By Amanda Kim Stairrett

Fort Hood Herald

College students' summers are often occupied by internships, and the life of an ROTC cadet is no different.

Cadets from across the country are at Fort Hood participating in the Cadet Troop Lead Training program, which pairs them with platoon leaders to learn what it's like to lead soldiers.

Cadets don't get a lot of experience to see what the real Army is like, said Patrick Hagen, a cadet from the University of Central Oklahoma.

Hagen is one of six cadets spending three weeks with the 1st Cavalry Division's 1st Battalion, 5th Cavalry Regiment, 2nd Brigade Combat Team. Three of the battalion's visitors were at a range last week with its Alpha and Bravo companies as they conducted squad live-fire lanes.

Hagen has enjoyed his time at Fort Hood because he finally gets to see interactions between enlisted soldiers and officers.

Cadet Jonathan Beasley, an English major at the University of Tennessee at Knoxville, said he's already learned a lot about the relationship between platoon leaders and sergeants and how they their platoons.

Cadet Roderick Bonner, a student at Marion Military Institute in Alabama, knows the importance of that relationship thanks to advice from his older brother, a first sergeant stationed in Germany.

"Listen to your platoon sergeant and you'll be all right," he told him.

They truly are the backbone, the cadet said.

"They know what they're doing," he added. "This is what they do for a living."

Bonner's twin brother is also in the Army, enlisting not long after he began his ROTC program. His brother is stationed at Fort Benning, Ga.

The Army is a family business for Bonner and he said he's never considered doing anything else. It was his first sergeant brother who steered him toward the officer corps.

Beasley's family also has a history of military service. His father retired two years ago. Beasley grew on up military installations and has a good understanding of what it's like to be in an Army family.

He didn't always want to be a soldier, though. Late in his high school career, he said he wanted nothing to do with the military, but after a year in college there was "nothing else I wanted to do."

"It's a really great life, I think," Beasley added.

Bonner, Hagen and Beasley all want to commission as infantry officers once they graduate.

Beasley wanted to spend the summer with an infantry platoon so he could observe the culture - something he's liked so far. It's a guy thing, he said, and reminds him of playing football in high school.

The experience has deepened Hagen's goal to become an infantry officer. One would be hard pressed to find the camaraderie and trust inherent in an infantry unit anywhere else in the military or civilian world, he said.

"What's awesome to me is, I think, the trust that is built on," he said. "You've got to have a lot of trust with these guys to go out on the battlefield and risk your life every day."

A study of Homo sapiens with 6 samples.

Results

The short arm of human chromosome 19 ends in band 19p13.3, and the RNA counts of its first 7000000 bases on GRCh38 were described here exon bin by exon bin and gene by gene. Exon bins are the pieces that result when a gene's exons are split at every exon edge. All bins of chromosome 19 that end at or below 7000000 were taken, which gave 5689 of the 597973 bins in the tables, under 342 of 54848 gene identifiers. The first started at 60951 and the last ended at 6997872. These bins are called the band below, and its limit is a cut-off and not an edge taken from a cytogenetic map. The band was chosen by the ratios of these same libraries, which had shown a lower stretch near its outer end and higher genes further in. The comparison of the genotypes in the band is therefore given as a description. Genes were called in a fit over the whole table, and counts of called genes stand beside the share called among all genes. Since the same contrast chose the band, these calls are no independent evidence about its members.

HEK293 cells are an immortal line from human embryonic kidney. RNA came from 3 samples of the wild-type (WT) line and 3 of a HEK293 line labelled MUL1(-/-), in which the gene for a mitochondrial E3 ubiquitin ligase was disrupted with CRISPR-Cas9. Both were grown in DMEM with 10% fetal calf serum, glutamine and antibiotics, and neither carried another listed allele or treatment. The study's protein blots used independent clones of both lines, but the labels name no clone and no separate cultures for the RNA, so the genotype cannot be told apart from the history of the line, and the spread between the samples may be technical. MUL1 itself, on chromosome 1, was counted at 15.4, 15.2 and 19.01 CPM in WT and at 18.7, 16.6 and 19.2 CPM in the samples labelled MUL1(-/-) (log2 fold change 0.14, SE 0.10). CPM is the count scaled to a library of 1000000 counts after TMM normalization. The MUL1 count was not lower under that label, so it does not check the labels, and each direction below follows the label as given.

Cadets must apply for the program, and Beasley said he and others have a commitment that goes beyond just wanting to be in the Army - they made the decision to dedicate a lot of time in school training to be officers.

Beasley's friends have asked him why he wanted to spend his summer like this, and it's something he can't quite explain to civilians.

"I really enjoy this stuff," he said last week. "I like being outside. ... A lot of the men out here, they've been really cool to all of us. There's a great atmosphere. They're really eager to teach and we're really eager to learn."

Capt. Taylor Merritt, Alpha Company commander, said the program was important because the cadets could learn in three weeks as much as they could during a year at school.

Bonner, Hagen and Beasley are motivated, hard workers, and they are getting a lot out of their time at Fort Hood, he said.

They spent last week at ranges with the company, getting involved in dry runs up and down movement to contact lanes. Though they couldn't participate in the live fire portion, they followed along and observed, sometimes serving as radio-telephone operators.

Merritt said he talked to them a lot during the training, telling them what was good and what was bad so they could learn from the experience. He was an ROTC cadet, but never participated in the program, something he wished he would have done.

The next step this summer is an assessment camp where cadets will be tested on what they've learned in their time in ROTC. Cadets from across the United States will gather at Fort Lewis, Wash., and Beasley said his time with the battalion would give him valuable experience as he prepares for camp.

Hagen said the summer cleared up a lot of questions he had about what it's like to be in a real unit.

"I think it's the most valuable experience I'll have all summer," he said.

For more on what other ROTC cadets at Fort Hood think about their Cadet Troop Lead Training program experience, read Sunday's Killeen Daily Herald. Contact Amanda Kim Stairrett at or (254) 501-7547. Follow her on Twitter at KDHmilitary.